Anti-Aging—Does It Work?
If you’re anything like me, you’re a millennial gracefully—or not so gracefully—approaching the big 3-0. As you age, you lose fat in your face and neck, your skin may change in tone or acquire a dullness, and you may begin to see creasing wrinkles around your mouth, eyes, and forehead. And while it’s healthiest to love your body at any shape, size, or age, it can be hard to watch yourself change in the mirror and not reach for the wrinkle cream.
Recently, I started using a hyaluronic acid water gel. I picked it up because I could see lines sinking from my nose to the corners of my mouth. I actually stopped and bought it on the way to my 10th high school reunion, if that tells you anything! And using it definitely makes me feel better about my aging skin, but is it actually working or is it just a placebo effect?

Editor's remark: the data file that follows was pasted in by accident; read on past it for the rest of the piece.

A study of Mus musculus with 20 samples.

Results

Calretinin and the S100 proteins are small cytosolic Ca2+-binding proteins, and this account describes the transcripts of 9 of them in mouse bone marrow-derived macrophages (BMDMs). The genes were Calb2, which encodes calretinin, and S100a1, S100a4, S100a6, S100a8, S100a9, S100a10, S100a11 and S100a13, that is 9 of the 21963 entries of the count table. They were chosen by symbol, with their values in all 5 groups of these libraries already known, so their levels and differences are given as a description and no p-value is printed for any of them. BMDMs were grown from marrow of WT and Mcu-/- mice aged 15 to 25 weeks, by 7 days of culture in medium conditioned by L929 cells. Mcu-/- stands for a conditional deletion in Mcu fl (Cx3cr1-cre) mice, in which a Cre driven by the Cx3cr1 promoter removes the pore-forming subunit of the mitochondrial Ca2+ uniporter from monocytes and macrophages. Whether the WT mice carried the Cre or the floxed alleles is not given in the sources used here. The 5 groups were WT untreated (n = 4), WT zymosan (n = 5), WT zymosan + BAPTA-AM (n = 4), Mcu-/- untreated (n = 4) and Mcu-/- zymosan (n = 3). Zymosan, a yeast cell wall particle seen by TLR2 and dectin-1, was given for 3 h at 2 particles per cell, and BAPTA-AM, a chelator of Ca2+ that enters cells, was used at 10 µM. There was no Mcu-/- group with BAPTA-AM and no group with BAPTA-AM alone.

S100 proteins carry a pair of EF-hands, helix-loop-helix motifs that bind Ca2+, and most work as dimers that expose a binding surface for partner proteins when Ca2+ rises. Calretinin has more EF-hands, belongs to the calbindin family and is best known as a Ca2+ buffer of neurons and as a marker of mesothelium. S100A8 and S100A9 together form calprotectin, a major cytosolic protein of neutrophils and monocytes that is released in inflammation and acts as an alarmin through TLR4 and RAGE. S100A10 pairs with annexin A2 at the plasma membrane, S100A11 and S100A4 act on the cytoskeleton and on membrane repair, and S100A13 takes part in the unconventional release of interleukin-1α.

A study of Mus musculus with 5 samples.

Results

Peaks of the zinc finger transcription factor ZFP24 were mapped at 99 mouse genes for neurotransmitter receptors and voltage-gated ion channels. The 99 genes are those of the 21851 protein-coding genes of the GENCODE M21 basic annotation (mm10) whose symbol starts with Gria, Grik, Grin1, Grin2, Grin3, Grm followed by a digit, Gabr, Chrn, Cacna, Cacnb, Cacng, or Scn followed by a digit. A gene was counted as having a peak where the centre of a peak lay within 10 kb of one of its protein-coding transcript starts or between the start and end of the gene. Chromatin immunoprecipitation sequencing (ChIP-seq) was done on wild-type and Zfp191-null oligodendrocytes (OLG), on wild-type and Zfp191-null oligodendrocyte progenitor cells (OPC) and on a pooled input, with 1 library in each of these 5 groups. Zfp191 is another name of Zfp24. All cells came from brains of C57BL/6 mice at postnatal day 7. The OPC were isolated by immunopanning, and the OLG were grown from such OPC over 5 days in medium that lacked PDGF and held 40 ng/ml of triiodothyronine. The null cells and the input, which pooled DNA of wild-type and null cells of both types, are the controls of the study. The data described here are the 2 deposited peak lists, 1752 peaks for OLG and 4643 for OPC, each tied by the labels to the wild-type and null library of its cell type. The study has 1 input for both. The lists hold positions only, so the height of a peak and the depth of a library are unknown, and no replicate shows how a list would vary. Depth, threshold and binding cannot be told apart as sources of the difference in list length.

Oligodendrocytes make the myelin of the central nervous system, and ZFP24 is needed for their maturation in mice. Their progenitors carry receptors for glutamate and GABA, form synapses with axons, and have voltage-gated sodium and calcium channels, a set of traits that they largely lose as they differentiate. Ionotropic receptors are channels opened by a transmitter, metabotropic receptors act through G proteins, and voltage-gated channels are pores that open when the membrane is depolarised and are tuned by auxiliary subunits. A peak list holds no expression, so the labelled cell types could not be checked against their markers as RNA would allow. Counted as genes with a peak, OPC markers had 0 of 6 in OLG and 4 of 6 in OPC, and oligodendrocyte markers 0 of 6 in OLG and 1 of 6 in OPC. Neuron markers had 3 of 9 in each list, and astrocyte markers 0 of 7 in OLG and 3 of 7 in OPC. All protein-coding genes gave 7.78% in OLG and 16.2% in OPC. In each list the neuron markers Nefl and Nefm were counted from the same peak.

Let’s take a look at a few typical anti-aging ingredients to see what claims they’re making and if there is any evidence to support them:
Hyaluronic acid is often included in products that are meant to plump the skin. It lessens wrinkles. Hyaluronic acid is made in the human body, but created to a lesser degree with age.
Topical application as a moisturizer is recommended by dermatologists.
Peptides are amino acids. They are used in skincare to make more collagen, the protein that helps your skin, hair, and nails.
Dermatologists support the use of peptides, particularly after age 30, but point out they should be consulted to choose a truly efficient product.
Retinol is vitamin A. Like peptides, it is meant to encourage the skin to create more collagen. Retinols can be effective, but take several months to show results.
There are some dangers to using retinol. It can make the skin more sensitive to the sun, for one. Skin may dry significantly. Retinol-containing products cannot be used during pregnancy as it can cause Fetal Retinoid Syndrome, which results in birth defects.